Emergency funding worth about $2 trillion will include checks to U.S. consumers, as well as billions in loans to affected businesses

Summary

President Trump has signed into law a relief package that will inject roughly $2 trillion into an economy reeling from the coronavirus pandemic. It will include direct payments for Americans and funding for states and businesses.


The checks will be sent out automatically without your needing to do anything. However, those who normally aren’t required to file tax returns will have to file a basic tax return to get the money.

The Coronavirus Aid, Relief and Economic Security (CARES) Act is set to inject about $2 trillion into a U.S. economy reeling from the coronavirus pandemic. The Senate unanimously approved the emergency stimulus package. Shortly after the House passed the CARES  legislation, said to be the largest U.S. stimulus effort ever, President Donald Trump signed it into law on March 27.

The New York Times reports the bill will encourage businesses that have temporarily closed to keep their workers employed. It will also expand unemployment insurance by 13 weeks and enhance benefits for four months, according to sources with knowledge of the bill. Additionally, it will provide unemployment benefits to gig workers and freelance workers.

IRS provides details on stimulus payments

Other details on the stimulus payments to Americans include:

  • Single people whose tax returns show adjusted gross incomes of up to $75,000, and married couples filing jointly with adjusted gross incomes of up to $150,000, will receive the full stimulus amount of $1,200 for individuals and $2,400 for married couples. Those above those income thresholds will receive a reduced stimulus amount.
  • Single people with income above $99,000 and joint filers without children and income above $198,000 are not eligible to receive the stimulus payments.
  • The up to $1,200 payment for single people and up to $2,400 payout for couples will be based on tax returns for 2019, for those who have already filed, or for 2018 otherwise. Parents will also receive a $500 payment for each qualifying child. The money will be deposited into the bank account noted on your tax return.
  • In case your bank account information is not available with your tax return, you can also provide it online through a portal that the IRS is setting up.
  • Those who are required to file a return but failed to do so for 2018 or 2019 will need to file one to get their stimulus payment.
  • Stimulus payments will be available through the end of 2020 in case you are concerned about a delay in filing your tax return.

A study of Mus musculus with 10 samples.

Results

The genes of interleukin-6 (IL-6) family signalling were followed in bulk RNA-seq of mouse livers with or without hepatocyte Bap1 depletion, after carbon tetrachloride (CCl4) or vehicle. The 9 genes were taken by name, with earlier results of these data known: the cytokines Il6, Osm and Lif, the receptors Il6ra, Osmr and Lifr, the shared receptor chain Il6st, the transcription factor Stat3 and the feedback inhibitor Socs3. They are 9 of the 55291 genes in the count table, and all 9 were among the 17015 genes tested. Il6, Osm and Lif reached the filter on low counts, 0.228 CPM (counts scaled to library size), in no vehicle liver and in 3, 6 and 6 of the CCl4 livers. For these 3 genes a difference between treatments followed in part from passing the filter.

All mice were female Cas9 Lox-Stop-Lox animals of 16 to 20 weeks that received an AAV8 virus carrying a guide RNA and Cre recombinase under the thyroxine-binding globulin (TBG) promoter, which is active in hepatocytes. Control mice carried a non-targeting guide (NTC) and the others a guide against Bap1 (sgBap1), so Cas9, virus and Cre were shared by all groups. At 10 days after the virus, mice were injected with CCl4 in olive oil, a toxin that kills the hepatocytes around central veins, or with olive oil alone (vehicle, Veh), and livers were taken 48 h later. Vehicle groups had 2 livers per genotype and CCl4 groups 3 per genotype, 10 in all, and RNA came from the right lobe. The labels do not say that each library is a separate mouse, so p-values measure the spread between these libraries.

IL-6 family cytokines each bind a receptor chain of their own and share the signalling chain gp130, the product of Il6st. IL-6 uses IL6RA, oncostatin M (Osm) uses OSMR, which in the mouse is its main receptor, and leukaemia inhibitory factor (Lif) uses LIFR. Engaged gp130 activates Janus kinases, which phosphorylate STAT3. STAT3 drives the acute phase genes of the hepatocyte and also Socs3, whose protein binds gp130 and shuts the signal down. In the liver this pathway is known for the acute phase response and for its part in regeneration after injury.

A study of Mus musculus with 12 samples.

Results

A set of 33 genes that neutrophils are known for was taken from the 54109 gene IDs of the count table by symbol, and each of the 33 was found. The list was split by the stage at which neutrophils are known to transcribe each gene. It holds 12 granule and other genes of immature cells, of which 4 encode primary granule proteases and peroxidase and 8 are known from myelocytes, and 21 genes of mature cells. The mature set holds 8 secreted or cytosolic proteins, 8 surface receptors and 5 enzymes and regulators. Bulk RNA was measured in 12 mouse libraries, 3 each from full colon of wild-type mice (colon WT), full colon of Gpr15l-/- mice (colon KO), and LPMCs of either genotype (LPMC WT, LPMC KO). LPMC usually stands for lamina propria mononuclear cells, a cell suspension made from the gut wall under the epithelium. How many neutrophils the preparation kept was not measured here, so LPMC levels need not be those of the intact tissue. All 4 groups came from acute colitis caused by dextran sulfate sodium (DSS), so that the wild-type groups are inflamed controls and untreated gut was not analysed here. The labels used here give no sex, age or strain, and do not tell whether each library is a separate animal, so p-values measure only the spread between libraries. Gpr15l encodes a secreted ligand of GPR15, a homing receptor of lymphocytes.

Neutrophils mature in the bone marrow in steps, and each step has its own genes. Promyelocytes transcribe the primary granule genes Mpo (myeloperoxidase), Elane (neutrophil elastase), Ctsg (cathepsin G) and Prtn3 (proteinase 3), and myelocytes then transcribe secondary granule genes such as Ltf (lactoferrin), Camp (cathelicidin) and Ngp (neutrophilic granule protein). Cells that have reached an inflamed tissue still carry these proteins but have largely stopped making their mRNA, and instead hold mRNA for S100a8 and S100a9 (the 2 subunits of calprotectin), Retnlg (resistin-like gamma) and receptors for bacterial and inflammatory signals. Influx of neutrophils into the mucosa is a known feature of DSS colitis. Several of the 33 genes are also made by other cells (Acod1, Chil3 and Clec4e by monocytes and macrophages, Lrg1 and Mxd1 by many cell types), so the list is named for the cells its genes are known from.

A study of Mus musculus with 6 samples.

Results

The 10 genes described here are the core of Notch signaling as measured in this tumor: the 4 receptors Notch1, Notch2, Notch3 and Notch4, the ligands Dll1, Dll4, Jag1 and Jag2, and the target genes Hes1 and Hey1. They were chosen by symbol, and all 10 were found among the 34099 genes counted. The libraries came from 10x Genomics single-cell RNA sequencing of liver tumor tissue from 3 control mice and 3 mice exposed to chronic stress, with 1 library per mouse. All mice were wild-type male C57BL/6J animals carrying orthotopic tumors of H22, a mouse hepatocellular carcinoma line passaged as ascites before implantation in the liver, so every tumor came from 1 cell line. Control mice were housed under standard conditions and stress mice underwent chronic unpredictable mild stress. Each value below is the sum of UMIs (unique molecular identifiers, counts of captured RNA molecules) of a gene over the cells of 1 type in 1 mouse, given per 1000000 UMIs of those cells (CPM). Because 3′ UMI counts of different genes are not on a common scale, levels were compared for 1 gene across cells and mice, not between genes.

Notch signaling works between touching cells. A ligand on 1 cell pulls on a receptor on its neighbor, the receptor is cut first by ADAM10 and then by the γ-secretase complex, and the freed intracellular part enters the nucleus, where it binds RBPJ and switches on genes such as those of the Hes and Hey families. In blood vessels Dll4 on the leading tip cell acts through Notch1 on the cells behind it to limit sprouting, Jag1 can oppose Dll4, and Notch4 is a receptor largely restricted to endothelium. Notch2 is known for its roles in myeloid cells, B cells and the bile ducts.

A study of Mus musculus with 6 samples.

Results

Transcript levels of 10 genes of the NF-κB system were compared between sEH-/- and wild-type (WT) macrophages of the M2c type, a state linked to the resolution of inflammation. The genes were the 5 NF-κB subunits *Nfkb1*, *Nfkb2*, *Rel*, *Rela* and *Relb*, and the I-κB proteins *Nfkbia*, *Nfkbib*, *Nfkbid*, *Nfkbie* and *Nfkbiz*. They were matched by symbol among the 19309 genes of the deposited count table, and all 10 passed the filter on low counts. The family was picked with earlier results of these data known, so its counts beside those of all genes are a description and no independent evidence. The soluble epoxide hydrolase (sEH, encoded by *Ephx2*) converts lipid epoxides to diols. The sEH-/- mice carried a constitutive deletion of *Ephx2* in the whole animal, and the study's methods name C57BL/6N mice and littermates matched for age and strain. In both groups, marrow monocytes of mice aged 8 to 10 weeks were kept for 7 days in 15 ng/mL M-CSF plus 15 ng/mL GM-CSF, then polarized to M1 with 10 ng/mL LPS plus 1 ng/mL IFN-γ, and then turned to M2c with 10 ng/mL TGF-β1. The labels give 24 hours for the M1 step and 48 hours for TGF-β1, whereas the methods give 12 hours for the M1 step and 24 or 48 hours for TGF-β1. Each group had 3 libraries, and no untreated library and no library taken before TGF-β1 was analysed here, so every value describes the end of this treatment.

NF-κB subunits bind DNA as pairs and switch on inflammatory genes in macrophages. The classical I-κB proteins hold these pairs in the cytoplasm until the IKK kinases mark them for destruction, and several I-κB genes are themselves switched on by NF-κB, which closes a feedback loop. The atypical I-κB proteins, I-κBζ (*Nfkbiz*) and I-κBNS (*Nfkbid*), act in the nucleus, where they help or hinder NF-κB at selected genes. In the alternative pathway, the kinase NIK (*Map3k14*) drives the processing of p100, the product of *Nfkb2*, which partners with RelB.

See related: Best ways to use your stimulus check

CFPB asks banks to work with coronavirus-affected consumers

The Consumer Financial Protection Bureau on March 26 said it would be flexible with banks as they work with their customers during the coronavirus crisis. The CFPB is putting on hold some of the reporting that banks are required to provide the agency, including reporting related to credit card accounts.

“As consumers seek temporary relief from lenders, the pandemic is impacting the operations of financial companies that are eager to help their customers during this unprecedented time,” CFPB Director Kathleen Kraninger said in a March 26 statement. “Our actions today are temporary and targeted to support consumers by allowing financial companies to focus their resources on assisting consumers.”

The CFPB’s advisory comes as initial claims for unemployment insurance soared to 3.283 million for the week ending March 21. According to the Department of Labor, this is the highest level ever for this statistic, surpassing the previous high of 695,000 set in October 1982. The claims are up from 282,000 for the previous week, largely on account of the coronavirus-related layoff impact.

Earlier this month, various federal and state financial institution regulators, including the CFPB, issued a directive asking financial institutions to work with consumers who need financial help as a result of the pandemic.

Initial relief package includes paid leave

Congress approved emergency funding on March 18 to combat the coronavirus panic, and Trump signed it into law.

This aid will reportedly provide paid leave for impacted workers, broaden the scope of unemployment insurance, provide “nutrition assistance” and more resources for testing. This legislation was passed by a big majority.

Americans can delay tax payments

Treasury Secretary Steven Mnuchin announced March 20 that Americans have until July 15 to file their taxes. But Mnuchin encouraged those who expect refunds to file as soon as they could.

The July 15 extension applies no matter how much a taxpayer owes, and no interest or penalties will be assessed during that period.

Student loan borrowers can suspend payments

Trump announced on March 20 that borrowers of federally-backed student loans could suspend payments for two months, and that all of these loans would automatically have their interest rates set to 0% for at least 60 days.

Making cash access available

In another stimulus effort, the Treasury is investing money to enable the Fed to guarantee up to $1 trillion in the commercial paper market, Mnuchin said. This market is critical to U.S. businesses, workers and savers, and this plan will address “liquidity issues.”